Bullies and the Theology of Memory

It is intriguing how a discussion can take you down a path that you had not traveled in years.  It is a reminder to me how experience can influence my relationship with Jesus and his Gospel.

A good friend, Elle, asked for my thoughts regarding pacifism.  Elle and her friends were discussing pacifism and its manifestations: is it absolute?  Is absolute pacifism moral?  Is it a true representation of the teachings of Jesus?  What, exactly, is pacifism anyway?

I found myself traveling back to my childhood and my experiences being bullied by a pair of kids across the street.  These two kids would beat me up with disturbing regularity.  My early childhood was filled with bloody noses and loose teeth.  These beatings were painful and deeply humiliating.

Yet, at school, the nuns taught me that Christians were to turn the other cheek and not fight.  Jesus wanted his disciples to be peacemakers.  But every time I turned the other cheek, Tommy or Stevie would punch it with a vicious right cross.  I wish the nuns had taught me that Jesus probably was speaking metaphorically to an occupied people about how to deal with Roman legions, not Tommy or Stevie; it would have saved me a lot of pain and distress.

Just in the nick of time, we moved to a new, larger home on the other side of the neighborhood, leaving the bullies behind.  I was never beaten up again, but to this day it is a lens through which I consider concepts such as pacifism.

Personal experience is not a corruption of perception or discernment.  It is in keeping with the “context-text-action” methodology of reading the Bible.  Context is the context of my life, all those thoughts and experiences that I bring to the page when I read; text is the passages of Scriptures themselves, those words through which the Holy Spirit speaks; action is how I then live my day, based on what I heard from Scripture.  When I return to Scripture tomorrow, I bring a new context with me and the cycle starts anew.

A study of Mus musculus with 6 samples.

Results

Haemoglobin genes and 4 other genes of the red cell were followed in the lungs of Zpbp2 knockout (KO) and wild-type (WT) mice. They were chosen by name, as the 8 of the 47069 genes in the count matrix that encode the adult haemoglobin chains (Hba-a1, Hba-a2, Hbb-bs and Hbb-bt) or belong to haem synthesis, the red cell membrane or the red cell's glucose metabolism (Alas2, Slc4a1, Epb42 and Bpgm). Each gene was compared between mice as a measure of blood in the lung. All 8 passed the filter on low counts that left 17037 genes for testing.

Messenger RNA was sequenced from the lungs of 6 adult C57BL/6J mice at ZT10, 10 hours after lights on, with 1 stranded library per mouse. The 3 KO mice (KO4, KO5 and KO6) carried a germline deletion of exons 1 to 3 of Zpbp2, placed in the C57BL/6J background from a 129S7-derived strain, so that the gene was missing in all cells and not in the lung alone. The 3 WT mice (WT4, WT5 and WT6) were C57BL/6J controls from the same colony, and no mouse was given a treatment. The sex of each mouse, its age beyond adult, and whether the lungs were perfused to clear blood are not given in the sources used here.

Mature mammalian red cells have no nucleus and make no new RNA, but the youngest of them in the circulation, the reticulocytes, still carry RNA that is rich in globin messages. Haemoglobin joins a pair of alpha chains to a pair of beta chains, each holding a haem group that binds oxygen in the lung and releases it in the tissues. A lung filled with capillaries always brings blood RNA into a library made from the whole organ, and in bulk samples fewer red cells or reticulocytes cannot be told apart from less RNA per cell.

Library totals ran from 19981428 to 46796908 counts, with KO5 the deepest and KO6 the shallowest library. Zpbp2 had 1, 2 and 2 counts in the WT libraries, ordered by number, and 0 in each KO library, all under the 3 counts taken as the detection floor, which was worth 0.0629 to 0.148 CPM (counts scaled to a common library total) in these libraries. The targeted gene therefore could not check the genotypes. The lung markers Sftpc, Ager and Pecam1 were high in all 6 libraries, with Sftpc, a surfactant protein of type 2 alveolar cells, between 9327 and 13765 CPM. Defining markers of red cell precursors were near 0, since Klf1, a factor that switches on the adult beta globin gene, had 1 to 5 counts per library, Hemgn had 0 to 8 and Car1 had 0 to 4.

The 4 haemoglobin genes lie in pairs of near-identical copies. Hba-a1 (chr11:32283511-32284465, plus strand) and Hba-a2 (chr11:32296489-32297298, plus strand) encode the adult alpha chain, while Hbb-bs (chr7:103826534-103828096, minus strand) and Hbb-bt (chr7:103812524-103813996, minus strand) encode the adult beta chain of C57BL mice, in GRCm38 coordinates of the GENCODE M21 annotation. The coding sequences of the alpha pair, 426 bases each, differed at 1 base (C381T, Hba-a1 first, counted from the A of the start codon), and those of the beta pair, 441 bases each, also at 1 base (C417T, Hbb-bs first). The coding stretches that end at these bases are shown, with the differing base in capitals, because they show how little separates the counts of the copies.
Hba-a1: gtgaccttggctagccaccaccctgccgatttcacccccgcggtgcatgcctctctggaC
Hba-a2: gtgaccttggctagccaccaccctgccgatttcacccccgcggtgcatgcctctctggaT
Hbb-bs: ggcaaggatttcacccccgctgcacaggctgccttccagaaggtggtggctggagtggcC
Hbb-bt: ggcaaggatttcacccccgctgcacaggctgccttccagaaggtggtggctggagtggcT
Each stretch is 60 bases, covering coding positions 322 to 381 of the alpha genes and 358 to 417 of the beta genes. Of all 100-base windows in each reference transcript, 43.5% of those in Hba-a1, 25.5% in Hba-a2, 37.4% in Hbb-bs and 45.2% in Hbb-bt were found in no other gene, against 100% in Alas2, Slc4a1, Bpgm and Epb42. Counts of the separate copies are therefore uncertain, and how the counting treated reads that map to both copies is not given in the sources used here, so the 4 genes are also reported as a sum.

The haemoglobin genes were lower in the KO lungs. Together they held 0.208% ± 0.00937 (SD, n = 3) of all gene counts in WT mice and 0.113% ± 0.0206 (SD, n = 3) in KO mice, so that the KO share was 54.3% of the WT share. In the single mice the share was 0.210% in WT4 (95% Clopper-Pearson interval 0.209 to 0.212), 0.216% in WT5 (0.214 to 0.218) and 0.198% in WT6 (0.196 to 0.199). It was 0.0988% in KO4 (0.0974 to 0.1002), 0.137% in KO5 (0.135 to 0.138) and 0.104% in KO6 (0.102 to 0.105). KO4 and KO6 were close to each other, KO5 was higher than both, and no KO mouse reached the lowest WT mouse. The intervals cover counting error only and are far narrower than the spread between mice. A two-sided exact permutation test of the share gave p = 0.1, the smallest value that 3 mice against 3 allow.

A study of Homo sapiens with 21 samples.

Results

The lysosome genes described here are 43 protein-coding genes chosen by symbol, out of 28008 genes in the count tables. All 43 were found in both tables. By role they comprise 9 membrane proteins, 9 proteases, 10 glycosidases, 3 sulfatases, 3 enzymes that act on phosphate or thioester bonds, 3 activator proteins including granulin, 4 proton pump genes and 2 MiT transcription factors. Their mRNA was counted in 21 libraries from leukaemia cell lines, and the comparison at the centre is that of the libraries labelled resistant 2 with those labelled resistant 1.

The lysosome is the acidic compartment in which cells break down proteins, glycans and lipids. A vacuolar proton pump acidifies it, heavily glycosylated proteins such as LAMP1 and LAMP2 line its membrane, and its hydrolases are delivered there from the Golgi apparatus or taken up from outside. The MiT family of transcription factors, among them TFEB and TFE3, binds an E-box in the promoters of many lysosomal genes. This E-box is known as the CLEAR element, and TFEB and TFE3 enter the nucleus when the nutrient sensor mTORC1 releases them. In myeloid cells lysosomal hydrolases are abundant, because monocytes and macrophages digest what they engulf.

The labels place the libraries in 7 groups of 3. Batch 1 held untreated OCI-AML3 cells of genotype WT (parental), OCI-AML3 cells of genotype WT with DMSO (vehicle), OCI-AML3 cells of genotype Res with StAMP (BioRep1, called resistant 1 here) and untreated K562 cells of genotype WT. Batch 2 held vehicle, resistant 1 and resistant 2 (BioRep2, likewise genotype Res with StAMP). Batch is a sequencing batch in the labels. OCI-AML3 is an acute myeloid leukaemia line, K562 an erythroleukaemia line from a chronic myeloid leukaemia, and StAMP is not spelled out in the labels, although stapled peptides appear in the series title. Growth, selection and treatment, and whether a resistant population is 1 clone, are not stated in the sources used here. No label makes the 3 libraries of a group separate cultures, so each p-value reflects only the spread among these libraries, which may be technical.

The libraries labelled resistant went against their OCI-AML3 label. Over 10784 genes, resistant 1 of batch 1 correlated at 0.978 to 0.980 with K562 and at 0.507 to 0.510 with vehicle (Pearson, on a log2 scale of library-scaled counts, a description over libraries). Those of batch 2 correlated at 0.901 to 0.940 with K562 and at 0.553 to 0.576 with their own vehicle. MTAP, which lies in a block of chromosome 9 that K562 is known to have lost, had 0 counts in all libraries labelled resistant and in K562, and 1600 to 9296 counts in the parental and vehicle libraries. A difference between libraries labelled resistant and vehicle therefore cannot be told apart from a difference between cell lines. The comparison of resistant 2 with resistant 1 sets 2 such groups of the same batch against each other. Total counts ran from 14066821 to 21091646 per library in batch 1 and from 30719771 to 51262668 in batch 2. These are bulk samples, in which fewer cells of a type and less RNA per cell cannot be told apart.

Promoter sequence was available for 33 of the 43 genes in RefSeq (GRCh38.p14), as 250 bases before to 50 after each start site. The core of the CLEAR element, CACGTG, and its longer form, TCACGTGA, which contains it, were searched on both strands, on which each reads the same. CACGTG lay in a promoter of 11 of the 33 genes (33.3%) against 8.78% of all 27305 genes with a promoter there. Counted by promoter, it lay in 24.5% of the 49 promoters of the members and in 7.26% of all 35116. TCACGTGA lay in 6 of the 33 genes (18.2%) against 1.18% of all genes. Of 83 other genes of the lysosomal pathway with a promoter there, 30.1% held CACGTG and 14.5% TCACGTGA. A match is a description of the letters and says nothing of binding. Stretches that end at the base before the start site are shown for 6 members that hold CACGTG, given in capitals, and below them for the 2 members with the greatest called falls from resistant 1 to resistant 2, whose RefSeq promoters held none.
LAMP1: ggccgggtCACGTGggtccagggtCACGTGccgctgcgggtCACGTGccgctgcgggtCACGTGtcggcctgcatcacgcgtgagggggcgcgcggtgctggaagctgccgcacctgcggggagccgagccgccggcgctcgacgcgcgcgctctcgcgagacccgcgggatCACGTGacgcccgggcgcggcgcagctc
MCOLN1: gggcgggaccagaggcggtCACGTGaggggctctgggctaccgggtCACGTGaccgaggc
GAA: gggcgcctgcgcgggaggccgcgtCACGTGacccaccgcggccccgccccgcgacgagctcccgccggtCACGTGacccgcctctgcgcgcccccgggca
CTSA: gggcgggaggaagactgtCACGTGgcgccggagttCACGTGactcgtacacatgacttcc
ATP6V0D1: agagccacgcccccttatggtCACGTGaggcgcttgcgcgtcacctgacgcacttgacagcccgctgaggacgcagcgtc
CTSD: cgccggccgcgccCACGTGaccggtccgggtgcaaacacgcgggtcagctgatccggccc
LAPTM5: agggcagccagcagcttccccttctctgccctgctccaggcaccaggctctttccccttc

Being beaten up as a kid is a part of my context.  It has a seat at the table when I ponder over the text and have my daily graduate seminar with God.

I want to be a peacemaker, as Jesus taught us on his Sermon on the Mount.  I also know first-hand what it is like to be a victim of violence.  It is horrific, and apparently omnipresent.  As I sit here, composing this essay, I am hearing on NPR that a bomb went off yesterday in Turkey, killing 156 people.  My childhood experiences pale before the carnage of mass murder, but they infuse me with great empathy towards the victimized.  Does Jesus want people to be passive victims of violence?  Overall, from what I’ve read in the New Testament, as well as what I hear from the Holy Spirit, the answer is no.  And if that is true, then absolute pacifism is morally flawed.  There is another way, however, between violence and victimhood.

I discovered this via media some year ago when I read Matthew 10:16 and it spoke to me in a vivid way.  It said we are being sent into the world like sheep among wolves; we are to be as innocent as doves, but as shrewd as snakes.  “As shrewd as snakes?” I thought. “Really?”  That was a revelation to me.  It occurred to me, then and there, that we can be peacemakers but we don’t have to be naive about it.

It helped me define my formula of “never a perpetrator, never a victim”.

We should never use violence to impose our will upon another, either on a micro-level or a macro-level, yet we should not allow violence to be perpetrated on us, and we should never allow violence to be perpetrated on the innocent.  Violence is a last resort, but violence in self-defense or to protect the innocent is morally permissible, even required: ask any cop who has ever had to break down a door and tackle a drunk to keep him from beating his wife and kids to death – what the cop did was a moral imperative.

Let me be clear that actual, living, breathing pacifists would not stand by and let that drunk beat his family to death either, but the concept of pacifism, as attractive as it is, has its limits and flaws.  I opt for “non-violence” instead, which looks for ways to deal with the world in a non-violent way, but will not allow people to be victims of violence, and is ready-willing-and-able to protect the innocent even if violence is required.

This is more nuanced than total pacifism, and it requires discernment and consensus, but it is much more in keeping with Matthew 10:16, as well as Matthew 25:40, which says that whatever we do for the poor and defenseless among us we do for Jesus himself.  Not all intervention to save ourselves or the innocent need be violent, but it should not be off the table as an option, either.  To be able to do something constructive to stop violence yet not stop it is immoral.

My next post will be on the violence of hunger.